You may remember one of my Be Still photos that I snapped while teaching my college chemistry lab:
In this particular chemistry lab, my students were making slime or “gak.” My own little students at home have fun making this creation as well, so I thought I would post the procedure for all of you to try at home!
Gak (this creation can go from slimy to bouncy-ball consistency depending on the ratio of ingredients used)
- 8 oz. bottle of Elmer’s Glue
- 1 teaspoon of Borax (found in your grocer’s laundry aisle)
- warm water
- plastic cups or mixing bowls and plastic spoons for mixing
- food coloring
Pour the entire bottle of glue into a mixing bowl. Then fill up that empty bottle of glue with some warm water, swish it around, and dump that water into the mixing bowl with your glue. Now add a couple drops of food coloring if you would like! Stir it well to mix.
In another mixing bowl (or plastic cup) place 1/2 cup of warm water plus 1 teaspoon of Borax. Stir well.
Slowly add the Borax solution to your glue. Keep on stirring and keep on adding a little bit of the Borax solution. Now get your hands dirty and knead the slime while still adding the Borax. You will see that after several minutes of kneading, your slime will begin to take on a silly putty-like state. Add the Borax solution to your liking–you can add all of it or just some of it! Play around with different batches. You can go from a really slimy consistency to a bouncy ball like state depending on how much Borax you add!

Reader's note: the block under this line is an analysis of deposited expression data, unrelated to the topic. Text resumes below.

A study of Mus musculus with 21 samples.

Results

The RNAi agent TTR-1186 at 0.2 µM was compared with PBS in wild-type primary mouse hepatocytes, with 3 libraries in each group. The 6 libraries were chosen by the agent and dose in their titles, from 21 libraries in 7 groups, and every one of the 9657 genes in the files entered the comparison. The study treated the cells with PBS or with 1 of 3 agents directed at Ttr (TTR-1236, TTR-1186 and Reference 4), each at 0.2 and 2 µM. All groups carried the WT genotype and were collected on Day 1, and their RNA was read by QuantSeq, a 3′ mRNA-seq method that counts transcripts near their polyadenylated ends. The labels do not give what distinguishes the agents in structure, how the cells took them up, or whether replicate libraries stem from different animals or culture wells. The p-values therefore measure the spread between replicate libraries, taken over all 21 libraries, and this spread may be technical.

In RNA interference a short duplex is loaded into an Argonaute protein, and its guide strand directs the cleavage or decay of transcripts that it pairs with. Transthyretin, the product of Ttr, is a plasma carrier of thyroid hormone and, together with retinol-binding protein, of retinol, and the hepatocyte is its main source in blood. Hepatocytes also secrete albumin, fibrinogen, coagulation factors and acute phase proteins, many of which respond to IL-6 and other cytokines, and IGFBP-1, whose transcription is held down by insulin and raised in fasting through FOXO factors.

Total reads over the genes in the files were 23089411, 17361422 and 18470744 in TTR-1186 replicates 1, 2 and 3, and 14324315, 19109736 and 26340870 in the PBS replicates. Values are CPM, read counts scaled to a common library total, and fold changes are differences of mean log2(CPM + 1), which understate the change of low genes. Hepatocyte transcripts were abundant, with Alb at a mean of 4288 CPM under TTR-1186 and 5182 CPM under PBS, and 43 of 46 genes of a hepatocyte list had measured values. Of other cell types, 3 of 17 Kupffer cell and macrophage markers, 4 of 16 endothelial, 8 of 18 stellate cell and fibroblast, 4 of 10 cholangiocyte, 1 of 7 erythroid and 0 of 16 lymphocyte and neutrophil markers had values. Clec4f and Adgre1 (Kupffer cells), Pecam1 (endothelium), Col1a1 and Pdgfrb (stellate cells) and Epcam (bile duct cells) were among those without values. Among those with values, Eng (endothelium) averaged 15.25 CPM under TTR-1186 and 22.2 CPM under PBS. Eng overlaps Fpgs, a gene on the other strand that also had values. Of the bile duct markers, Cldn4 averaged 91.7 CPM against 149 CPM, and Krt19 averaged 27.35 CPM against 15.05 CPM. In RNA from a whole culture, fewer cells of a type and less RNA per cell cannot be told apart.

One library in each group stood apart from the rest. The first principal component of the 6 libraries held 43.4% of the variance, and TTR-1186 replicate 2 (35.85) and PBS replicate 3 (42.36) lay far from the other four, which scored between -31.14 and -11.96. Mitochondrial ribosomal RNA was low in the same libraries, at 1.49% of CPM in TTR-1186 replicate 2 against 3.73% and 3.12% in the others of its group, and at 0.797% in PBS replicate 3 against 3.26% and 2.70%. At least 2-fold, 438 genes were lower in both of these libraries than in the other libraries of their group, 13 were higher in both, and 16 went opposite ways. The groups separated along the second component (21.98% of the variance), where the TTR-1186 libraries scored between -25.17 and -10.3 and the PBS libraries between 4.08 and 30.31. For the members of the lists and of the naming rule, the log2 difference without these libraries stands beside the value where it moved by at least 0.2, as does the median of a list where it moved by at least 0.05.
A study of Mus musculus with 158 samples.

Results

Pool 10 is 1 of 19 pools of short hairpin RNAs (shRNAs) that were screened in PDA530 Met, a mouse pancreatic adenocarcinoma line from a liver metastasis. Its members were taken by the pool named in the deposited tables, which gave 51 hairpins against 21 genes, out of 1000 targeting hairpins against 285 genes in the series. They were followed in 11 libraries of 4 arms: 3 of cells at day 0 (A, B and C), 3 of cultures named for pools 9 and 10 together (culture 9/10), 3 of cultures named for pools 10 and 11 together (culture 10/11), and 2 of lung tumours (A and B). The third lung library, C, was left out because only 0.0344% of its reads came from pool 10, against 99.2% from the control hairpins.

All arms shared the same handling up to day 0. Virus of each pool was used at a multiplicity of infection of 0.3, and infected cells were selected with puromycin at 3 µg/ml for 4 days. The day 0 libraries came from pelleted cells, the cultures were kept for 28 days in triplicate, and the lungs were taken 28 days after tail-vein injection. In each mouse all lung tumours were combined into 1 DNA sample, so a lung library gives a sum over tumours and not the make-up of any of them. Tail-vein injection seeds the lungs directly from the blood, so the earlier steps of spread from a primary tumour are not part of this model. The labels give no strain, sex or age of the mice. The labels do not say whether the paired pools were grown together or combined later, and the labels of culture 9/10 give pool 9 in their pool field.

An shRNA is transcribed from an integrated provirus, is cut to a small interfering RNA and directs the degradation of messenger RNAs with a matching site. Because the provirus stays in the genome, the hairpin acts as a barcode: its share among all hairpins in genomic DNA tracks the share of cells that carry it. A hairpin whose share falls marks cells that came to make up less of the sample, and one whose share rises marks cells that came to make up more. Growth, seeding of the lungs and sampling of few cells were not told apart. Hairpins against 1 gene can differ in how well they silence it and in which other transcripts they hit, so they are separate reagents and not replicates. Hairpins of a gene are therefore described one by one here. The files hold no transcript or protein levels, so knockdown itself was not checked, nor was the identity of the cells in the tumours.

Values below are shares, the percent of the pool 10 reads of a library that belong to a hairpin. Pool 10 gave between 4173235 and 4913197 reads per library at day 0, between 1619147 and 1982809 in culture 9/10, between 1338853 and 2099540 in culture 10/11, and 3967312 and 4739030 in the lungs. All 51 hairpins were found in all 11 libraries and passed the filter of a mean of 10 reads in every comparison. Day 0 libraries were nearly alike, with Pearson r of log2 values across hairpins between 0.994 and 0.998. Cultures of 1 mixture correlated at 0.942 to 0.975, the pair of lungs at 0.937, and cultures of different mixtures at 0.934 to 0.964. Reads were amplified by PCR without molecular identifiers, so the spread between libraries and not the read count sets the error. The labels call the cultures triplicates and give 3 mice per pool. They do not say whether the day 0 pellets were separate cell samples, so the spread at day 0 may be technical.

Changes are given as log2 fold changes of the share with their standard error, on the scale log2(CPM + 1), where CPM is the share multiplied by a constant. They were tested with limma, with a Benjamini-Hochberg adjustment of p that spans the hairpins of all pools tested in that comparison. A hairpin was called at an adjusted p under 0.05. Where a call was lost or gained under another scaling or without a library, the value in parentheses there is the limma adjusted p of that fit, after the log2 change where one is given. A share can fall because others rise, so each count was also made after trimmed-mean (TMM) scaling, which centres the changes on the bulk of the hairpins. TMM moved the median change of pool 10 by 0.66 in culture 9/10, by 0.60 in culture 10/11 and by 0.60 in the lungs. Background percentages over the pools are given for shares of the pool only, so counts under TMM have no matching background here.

How it works
In this experiment, you are making polymers (long strands of molecules linked together like beads in a necklace.) The Borax is a “linking agent” that links together the molecules found in the glue. Once these glue molecules are linked together into long strands, you have formed polymers! These polymers are what give rise to the slimy, silly putty like texture of your gak. As you keep cross-linking the molecules–by adding more Borax–you will get a less slimy and a bit denser gak.
Polymers play a very important role in our everyday lives. Plastics are synthetic polymers that we use repeatedly throughout our everyday lives. The DNA in our cells is a biological polymer that makes human life possible! So have fun being a polymer chemist for the day. Let me know how this experiment works for you, too.
[Please also use common sense and think about safety...no glue or borax in the eyes or mouth, and wash up when done! Be sure to read any and all warning labels on the glue and Borax containers. I don't let my kids handle the borax or borax-containing products for extended periods of time.]